Steps for Good Decision Making

How many decisions do you make in the course of the day?  Five, ten, hundreds?

Some are as trivial as Dunkin Donuts or Starbucks? Others are more operational, such as signing a training request form or agreeing to new terms with a vendor.  Still some of your decisions will be strategic and require a bit more thought.  In these instances, are you able to be unbiased in your decision-making?

We are all products of experiences, education, culture and our environment so it is only natural that we carry the biases we develop into most business situations.  There is an old saying that “a mind is like a parachute, it works best when open!”  The same can be said for decision-making.  Being open to alternatives can lead to some amazing results.

Step 1 – Get Clarity.  I can’t tell you the number of times I hear managers and leaders shout out solutions before they truly understand the problem.  Get the facts, all the facts!  To paraphrase Steven Covey, seek first to clarity.

Step 2 – Root out the Cause.  Root cause analysis is predicated on the belief that problems are best solved by trying to correct or eliminate root causes rather than administering to the symptoms of the problem.  Get to the root of the problem.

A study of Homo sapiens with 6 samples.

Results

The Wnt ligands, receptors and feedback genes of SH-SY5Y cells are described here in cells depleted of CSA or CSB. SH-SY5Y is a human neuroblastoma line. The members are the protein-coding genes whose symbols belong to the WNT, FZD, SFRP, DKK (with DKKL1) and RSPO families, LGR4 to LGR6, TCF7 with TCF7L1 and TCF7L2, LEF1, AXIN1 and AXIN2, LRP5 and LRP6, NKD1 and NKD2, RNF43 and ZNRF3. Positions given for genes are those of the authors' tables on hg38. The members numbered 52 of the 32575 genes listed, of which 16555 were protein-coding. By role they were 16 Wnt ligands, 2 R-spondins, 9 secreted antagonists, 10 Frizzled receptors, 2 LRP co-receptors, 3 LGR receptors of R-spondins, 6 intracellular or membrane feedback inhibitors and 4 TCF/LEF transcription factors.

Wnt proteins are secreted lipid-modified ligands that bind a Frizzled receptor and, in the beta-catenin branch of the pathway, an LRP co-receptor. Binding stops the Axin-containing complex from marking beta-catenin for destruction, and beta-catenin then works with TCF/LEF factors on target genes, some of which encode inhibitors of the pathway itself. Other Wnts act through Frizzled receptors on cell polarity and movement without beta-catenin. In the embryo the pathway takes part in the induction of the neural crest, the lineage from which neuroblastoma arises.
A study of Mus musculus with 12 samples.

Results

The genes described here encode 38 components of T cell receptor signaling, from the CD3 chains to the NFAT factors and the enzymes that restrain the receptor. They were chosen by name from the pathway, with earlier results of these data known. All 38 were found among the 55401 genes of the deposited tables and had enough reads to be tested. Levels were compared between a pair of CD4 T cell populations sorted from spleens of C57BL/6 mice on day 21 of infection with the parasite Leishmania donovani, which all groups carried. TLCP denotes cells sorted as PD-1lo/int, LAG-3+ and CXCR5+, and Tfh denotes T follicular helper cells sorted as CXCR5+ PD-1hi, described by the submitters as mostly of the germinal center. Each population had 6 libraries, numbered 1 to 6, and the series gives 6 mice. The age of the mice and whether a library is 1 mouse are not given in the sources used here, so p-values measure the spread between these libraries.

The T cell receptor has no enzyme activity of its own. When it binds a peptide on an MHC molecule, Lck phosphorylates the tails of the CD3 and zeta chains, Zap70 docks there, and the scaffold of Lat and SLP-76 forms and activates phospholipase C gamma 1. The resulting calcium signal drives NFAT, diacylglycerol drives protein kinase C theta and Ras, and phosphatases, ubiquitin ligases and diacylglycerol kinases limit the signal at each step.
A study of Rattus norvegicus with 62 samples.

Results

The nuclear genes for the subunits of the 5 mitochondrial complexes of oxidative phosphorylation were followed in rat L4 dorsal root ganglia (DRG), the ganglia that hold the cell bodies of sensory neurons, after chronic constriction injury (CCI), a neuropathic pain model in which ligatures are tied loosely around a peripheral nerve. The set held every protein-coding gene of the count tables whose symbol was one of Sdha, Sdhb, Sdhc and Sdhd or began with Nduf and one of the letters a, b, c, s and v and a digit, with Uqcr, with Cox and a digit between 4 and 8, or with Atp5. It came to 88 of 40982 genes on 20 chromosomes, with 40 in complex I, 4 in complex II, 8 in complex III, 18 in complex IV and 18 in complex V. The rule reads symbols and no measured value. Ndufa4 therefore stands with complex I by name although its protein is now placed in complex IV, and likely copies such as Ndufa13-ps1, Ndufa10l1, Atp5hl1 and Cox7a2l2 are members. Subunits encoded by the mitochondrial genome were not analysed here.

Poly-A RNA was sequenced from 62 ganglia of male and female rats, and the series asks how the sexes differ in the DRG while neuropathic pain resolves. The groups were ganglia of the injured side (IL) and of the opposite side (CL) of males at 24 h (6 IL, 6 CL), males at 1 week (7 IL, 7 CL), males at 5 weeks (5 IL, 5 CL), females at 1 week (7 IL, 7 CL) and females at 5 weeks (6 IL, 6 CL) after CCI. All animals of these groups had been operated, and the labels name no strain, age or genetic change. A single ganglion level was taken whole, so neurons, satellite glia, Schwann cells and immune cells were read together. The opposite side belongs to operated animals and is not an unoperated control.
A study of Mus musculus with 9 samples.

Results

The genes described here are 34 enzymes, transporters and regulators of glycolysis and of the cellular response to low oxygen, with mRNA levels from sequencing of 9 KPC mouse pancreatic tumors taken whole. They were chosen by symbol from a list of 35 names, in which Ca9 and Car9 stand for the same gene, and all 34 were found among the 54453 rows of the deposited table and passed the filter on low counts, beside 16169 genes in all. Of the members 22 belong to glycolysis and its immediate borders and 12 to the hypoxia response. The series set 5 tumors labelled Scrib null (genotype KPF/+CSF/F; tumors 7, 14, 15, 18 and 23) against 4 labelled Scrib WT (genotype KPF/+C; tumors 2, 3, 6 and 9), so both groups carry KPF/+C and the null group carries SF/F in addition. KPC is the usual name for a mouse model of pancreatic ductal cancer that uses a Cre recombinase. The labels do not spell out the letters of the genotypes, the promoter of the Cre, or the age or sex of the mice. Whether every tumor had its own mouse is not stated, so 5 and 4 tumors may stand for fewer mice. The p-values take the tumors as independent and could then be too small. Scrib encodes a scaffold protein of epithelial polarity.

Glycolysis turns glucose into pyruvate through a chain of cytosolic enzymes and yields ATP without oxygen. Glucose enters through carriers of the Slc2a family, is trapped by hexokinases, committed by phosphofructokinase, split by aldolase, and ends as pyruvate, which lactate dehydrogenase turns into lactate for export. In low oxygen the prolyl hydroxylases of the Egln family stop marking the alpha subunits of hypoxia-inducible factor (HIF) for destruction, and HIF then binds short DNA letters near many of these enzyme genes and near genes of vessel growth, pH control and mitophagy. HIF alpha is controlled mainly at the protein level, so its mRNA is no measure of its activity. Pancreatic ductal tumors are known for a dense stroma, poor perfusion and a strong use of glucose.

Step 3 – Analyze the Alternatives. Analyze your alternatives and consider the risk and return on each of your alternatives.  A word of warning about this step – beware of analysis paralysis!  Socialize your alternatives but don’t fall prey to inaction.

Step 4 – Implement and Evaluate.  Don’t assume your job is done once you’ve made and implemented your decision.  Perhaps the results were not what you had hoped for.  Your alternatives may have uncovered the very best solution and your implementation was faulty.  Or maybe you never actually uncovered the root cause!  Whatever the case, constantly evaluate your decision process and don’t be afraid to Get Clarity,  Root out the Cause Again and come up with another approach.

In most cases, we progress through this process without a thought.  But when the stakes are high and the consequences severe, check your ego at the door, manage your biases and make a decision that will stand the test of time.